Frustrated homeowners have a new option for unloading their properties -- hold a raffle. Here's how it works:

Most state laws require home raffles to benefit non-profit organizations. There are several new websites, like, that connect homeowners with non-profits. Homeowners sell tickets (I've seen $10 to $150 a piece). The raffle winner gets the house, mortgage-free but not tax-free. The charity gets the leftover proceeds. The Miami Herald profiles one South Florida homeowner who is selling tickets for $50:

''It's a win-win-win situation,'' said Cardiello, 26, leaning over his green Formica kitchen countertop. ``You get a new home, I get to unload the property, and the money goes toward charity.''

Cardiello's goal is to sell 6,000 raffle tickets by Sept. 30. The $300,000 collected will more than pay for the house, which the Broward Property Appraiser's Office values at $143,000, and any legal fees to transfer the deed.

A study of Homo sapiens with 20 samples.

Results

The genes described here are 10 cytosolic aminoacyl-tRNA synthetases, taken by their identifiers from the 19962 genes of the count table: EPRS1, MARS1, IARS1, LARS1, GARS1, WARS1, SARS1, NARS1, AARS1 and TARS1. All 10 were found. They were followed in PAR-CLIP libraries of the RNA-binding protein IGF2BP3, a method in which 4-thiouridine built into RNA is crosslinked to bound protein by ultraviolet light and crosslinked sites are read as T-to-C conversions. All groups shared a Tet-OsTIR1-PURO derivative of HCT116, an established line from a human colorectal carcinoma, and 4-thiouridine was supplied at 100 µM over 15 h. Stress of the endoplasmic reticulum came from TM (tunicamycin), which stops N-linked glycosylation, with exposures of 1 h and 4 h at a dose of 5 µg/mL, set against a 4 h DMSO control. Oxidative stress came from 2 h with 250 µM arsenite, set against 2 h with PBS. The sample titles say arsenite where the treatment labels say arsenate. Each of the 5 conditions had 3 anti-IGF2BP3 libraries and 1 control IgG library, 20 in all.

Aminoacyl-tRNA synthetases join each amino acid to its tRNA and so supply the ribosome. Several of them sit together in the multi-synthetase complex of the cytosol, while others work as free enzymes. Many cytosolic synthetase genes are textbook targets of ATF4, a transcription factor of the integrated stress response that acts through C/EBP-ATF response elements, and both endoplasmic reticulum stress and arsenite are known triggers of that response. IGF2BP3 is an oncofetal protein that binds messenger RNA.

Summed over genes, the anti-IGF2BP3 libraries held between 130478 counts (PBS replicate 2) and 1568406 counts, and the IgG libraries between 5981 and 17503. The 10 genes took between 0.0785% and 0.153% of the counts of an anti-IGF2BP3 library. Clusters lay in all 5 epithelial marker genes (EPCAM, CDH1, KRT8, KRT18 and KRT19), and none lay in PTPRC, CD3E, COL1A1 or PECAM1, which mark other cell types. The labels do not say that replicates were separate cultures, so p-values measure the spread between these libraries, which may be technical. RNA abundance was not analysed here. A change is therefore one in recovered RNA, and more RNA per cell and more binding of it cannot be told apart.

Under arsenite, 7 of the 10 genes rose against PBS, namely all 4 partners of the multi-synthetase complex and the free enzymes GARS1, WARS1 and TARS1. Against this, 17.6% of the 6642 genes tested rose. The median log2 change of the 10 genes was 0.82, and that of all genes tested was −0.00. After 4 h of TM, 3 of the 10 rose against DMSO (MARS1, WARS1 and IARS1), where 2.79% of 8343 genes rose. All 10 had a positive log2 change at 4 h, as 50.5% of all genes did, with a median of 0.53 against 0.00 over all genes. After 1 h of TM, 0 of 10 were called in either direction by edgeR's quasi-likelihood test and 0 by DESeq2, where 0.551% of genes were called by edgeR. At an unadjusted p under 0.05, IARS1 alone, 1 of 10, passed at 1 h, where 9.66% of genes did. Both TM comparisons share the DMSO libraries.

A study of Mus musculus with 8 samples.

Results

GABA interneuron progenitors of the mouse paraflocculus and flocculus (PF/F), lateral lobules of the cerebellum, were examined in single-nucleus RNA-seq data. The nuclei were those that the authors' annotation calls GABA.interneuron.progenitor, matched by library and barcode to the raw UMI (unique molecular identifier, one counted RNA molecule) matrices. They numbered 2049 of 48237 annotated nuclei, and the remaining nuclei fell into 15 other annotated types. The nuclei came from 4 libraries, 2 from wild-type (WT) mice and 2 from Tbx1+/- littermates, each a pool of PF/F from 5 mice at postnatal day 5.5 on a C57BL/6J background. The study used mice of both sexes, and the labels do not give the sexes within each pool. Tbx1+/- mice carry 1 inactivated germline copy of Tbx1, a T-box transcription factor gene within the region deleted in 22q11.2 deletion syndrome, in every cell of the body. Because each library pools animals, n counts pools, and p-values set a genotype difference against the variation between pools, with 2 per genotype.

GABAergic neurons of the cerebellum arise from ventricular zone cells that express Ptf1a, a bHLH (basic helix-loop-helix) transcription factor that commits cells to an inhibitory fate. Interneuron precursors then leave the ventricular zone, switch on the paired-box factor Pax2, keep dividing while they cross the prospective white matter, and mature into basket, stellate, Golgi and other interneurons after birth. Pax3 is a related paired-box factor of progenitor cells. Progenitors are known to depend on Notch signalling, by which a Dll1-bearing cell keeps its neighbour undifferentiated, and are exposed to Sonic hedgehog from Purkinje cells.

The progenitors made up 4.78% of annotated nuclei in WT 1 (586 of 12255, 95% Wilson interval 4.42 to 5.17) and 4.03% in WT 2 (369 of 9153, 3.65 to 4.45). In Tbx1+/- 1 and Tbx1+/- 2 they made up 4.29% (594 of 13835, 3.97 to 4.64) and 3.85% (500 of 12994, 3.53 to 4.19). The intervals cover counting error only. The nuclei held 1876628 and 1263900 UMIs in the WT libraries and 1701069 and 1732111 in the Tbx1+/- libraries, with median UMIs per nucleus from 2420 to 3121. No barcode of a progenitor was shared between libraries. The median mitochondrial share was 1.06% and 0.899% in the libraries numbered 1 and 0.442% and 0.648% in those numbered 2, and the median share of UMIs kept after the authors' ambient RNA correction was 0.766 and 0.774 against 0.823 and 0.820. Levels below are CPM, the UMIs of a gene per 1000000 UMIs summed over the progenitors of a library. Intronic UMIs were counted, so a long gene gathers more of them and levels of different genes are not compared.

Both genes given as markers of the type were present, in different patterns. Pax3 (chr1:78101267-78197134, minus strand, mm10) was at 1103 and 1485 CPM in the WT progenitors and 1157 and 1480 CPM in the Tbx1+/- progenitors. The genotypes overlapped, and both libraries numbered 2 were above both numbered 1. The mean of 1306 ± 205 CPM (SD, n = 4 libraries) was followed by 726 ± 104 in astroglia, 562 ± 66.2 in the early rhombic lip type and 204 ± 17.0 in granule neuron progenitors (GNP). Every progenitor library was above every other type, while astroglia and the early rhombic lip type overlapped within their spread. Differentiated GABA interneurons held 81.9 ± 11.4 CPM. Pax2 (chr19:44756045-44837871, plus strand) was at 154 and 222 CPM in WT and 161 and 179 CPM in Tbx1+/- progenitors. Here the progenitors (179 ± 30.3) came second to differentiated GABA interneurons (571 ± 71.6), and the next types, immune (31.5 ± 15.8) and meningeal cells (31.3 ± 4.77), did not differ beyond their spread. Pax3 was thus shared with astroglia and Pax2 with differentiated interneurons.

Cardiello says the remainder will be donated to Bit by Bit Therapy, a nonprofit that trains autistic and disabled children to groom and ride horses.

Cardiello paid $225,000 for his townhouse, so obviously he's taking a hit, but he's getting rid of the thing. He says if he can't sell 6,000 tickets, he'll still hold the raffle and give half the money to the winner, half to the charity. In that case, he'll still be stuck with the house.

The Herald also mentions a real estate agent who's hoping to raffle off his $2.4 million home by selling $10 tickets, 300,000 of them, by Christmas. The home is now valued at $1.4 million. His raffle is being held at

If you're interested in taking a shot at Cardiello's place or another home, USAHomeraffle has a list of homes that are being raffled.

Both guys say the hardest part of this is convincing people that there's no catch to it. I mean, you're not likely to win, but you have a much better chance than if you spent the money on lottery tickets. And charities benefit.

Seems like a pretty creative solution to me. What do you think?